Ima’s hot cross buns

I’ve finally conquered the mighty hot cross bun. I’ve never had much success with these before, my previous attempts could have been used for shot put, but finally, success! Also, I’m glad Easter is once a year, because these are a labour of love.

There is a restaurant in Auckland which is famous for their hot cross buns. I’ve never tried them because they sell out in minutes but the buns from Ima Cuisine have a cult following. The buns that sell in the day before Good Friday number in the thousands. So, purely based on the hype surrounding these buns, I decided to make them. Luckily, the recipe is published in the beautiful cookbook “Ima Cuisine: An Israeli Mother’s Kitchen.’  The author, Yael, recommends grinding your own spices for the best flavour, and the cross on top is a very decadent pastry cream, so it’s a bit more involved than other recipes, but it is totally worth it and I’m glad I persevered.

Happy Easter!


For the spice mix


15g cinnamon sticks (or 2 tablespoons ground cinnamon)
1 whole nutmeg (or 2 teaspoons ground nutmeg)
20 whole cloves (or 1/3 teaspoon ground cloves)


Chop up the cinnamon sticks and cut the nutmeg into quarters. Transfer all of the spices to a grinder and grind to a fine powder.
If you are using ground spices, combine them in a small bowl.

For the buns


500ml milk
20g instant yeast
2 teaspoons sugar
850g strong flour (I used high grade)
125g butter, cut into cubes and softened
175g honey
2 tablespoons sea salt, crushed
250g currants
125g mixed peel
1½ – 2c pastry cream


Pour the milk into a large heatproof jug and microwave for 1 – 1½ minutes, until the milk is quite warm (although not too hot to stick your finger in.) Sprinkle over the yeast then gently mix it in along with the 2 teaspoons of sugar. Set aside for about 5 minutes, until the yeast has activated and is frothy.
In the bowl of a stand mixer fitted with the dough hook, combine the flour, butter, honey and milk mixture. Mix on low for 10 minutes.
Add the salt and spice mix and mix for a further 5 minutes. Leave the dough in the bowl, cover it with a clean tea towel and transfer it to a warm place to rise.
The dough needs to double in size, 1½ – 2½ hours, depending on how warm your house is. Mine did not rise for over an hour, then started to. (While it’s rising, prepare the syrup.)

Once the dough has risen, tip it out onto the bench and knead in the currants and peel. I tried to do this in my mixer but a lot of the currants stayed at the bottom of the bowl.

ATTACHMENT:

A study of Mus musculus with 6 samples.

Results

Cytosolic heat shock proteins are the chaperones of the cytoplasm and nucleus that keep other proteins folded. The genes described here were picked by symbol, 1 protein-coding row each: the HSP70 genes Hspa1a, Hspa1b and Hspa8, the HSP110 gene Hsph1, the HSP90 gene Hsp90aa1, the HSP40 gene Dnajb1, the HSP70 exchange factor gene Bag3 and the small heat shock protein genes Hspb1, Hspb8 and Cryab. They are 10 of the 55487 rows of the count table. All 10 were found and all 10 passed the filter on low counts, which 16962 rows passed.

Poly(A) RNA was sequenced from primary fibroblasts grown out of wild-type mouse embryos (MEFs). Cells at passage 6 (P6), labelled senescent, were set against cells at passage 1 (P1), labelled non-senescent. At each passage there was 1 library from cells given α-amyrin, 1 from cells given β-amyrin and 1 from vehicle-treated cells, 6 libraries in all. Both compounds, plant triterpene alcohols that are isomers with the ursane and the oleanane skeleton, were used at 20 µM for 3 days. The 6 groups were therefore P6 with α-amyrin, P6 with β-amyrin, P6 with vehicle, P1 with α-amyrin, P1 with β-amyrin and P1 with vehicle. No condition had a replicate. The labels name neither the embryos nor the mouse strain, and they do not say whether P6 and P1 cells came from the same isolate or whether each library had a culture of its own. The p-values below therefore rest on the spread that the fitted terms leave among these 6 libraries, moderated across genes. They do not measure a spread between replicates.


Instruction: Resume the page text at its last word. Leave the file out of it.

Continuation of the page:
Line a baking tray with non stick paper and preheat the oven to 180°C.
Divide the dough into 12 equal portions (see notes) and gently roll them into balls. Place them on the baking tray, leaving a gap of about 4cm in between. Cover loosely with a tea towel and leave them to rise in a warm place, until they have doubled in size.

Using the tip of a sharp knife, cut a cross about ½cm deep on each bun.
Bake the buns for 15-20 minutes, until pale golden on top.
Remove from the oven and pipe a thick cross of pastry cream onto the scored lines on each bun. Return to the oven and bake for a further 10-15 minutes, until the buns are medium brown and spring back when touched.
Remove from the oven and cool for 5 minutes, then carefully brush each bun with the syrup. Serve warm or at room temperature.

These are best toasted and served with lashings of good butter. Store them in an airtight container in the fridge. Leftover buns can be frozen for up to one month.

For the syrup (make this while the dough is rising)


¾c caster sugar
½c water
2 teaspoons orange blossom water (optional)


In a small saucepan, bring the sugar and water to a boil, stirring occasionally, then simmer for one minute.
Remove from the heat and stir in the orange blossom water and allow to cool completely.

For the pastry cream (see notes)


1l milk
2 teaspoons vanilla extract
120g cornflour
180g caster sugar
5 large eggs (I used size 7)
100g butter, cut into little cubes and at room temperature


In a large saucepan set over medium heat, warm the milk until it just starts to boil. Remove from the heat and stir in the vanilla extract. Leave for 10 minutes.
In the bowl of a stand mixer fitted with the paddle attachment, combine the cornflour and sugar. Add the first two eggs and beat on medium until combined.
Add the remaining eggs one by one, beating until the mixture is nice and smooth. Scrape down the sides of the bowl if necessary.
With the mixer on slow, slowly pour in the warm milk then increase the speed slightly and beat until combined.
Pour the mixture back into the saucepan and whisk continuously over low heat until the mixture becomes thick and is difficult to whisk. Cook for another 2 minutes to cook out the cornflour then whisk in the butter, piece by piece.
Remove the pan from the heat and cool completely. You can do this by scraping the pastry cream back into the mixer bowl and using the whisk attachment, beat it until it’s at room temperature. Or, transfer it to a bowl and cover with Gladwrap, pressing the wrap onto the top of the mixture to stop a crust forming. Store in the fridge until needed.




  • Recipe adapted from Ima Cuisine.
  • If you make 12, they will be quite big. I think dividing the dough into 16 might make them a better size.
  • The recipe makes 5-6c of pastry cream, way more than you need. You can share it with a friend or freeze the remainder. It can be thawed and re-used, here’s a great guide to bringing it back to its silky self.
  • Pastry cream can be stored in the fridge in an airtight container for up to 1 week.

© Once Upon An Egg. All images and content are copyright protected. Please don’t use my images without permission. If you want to republish this recipe, please re-write it in your own words, or link back to this post for the recipe.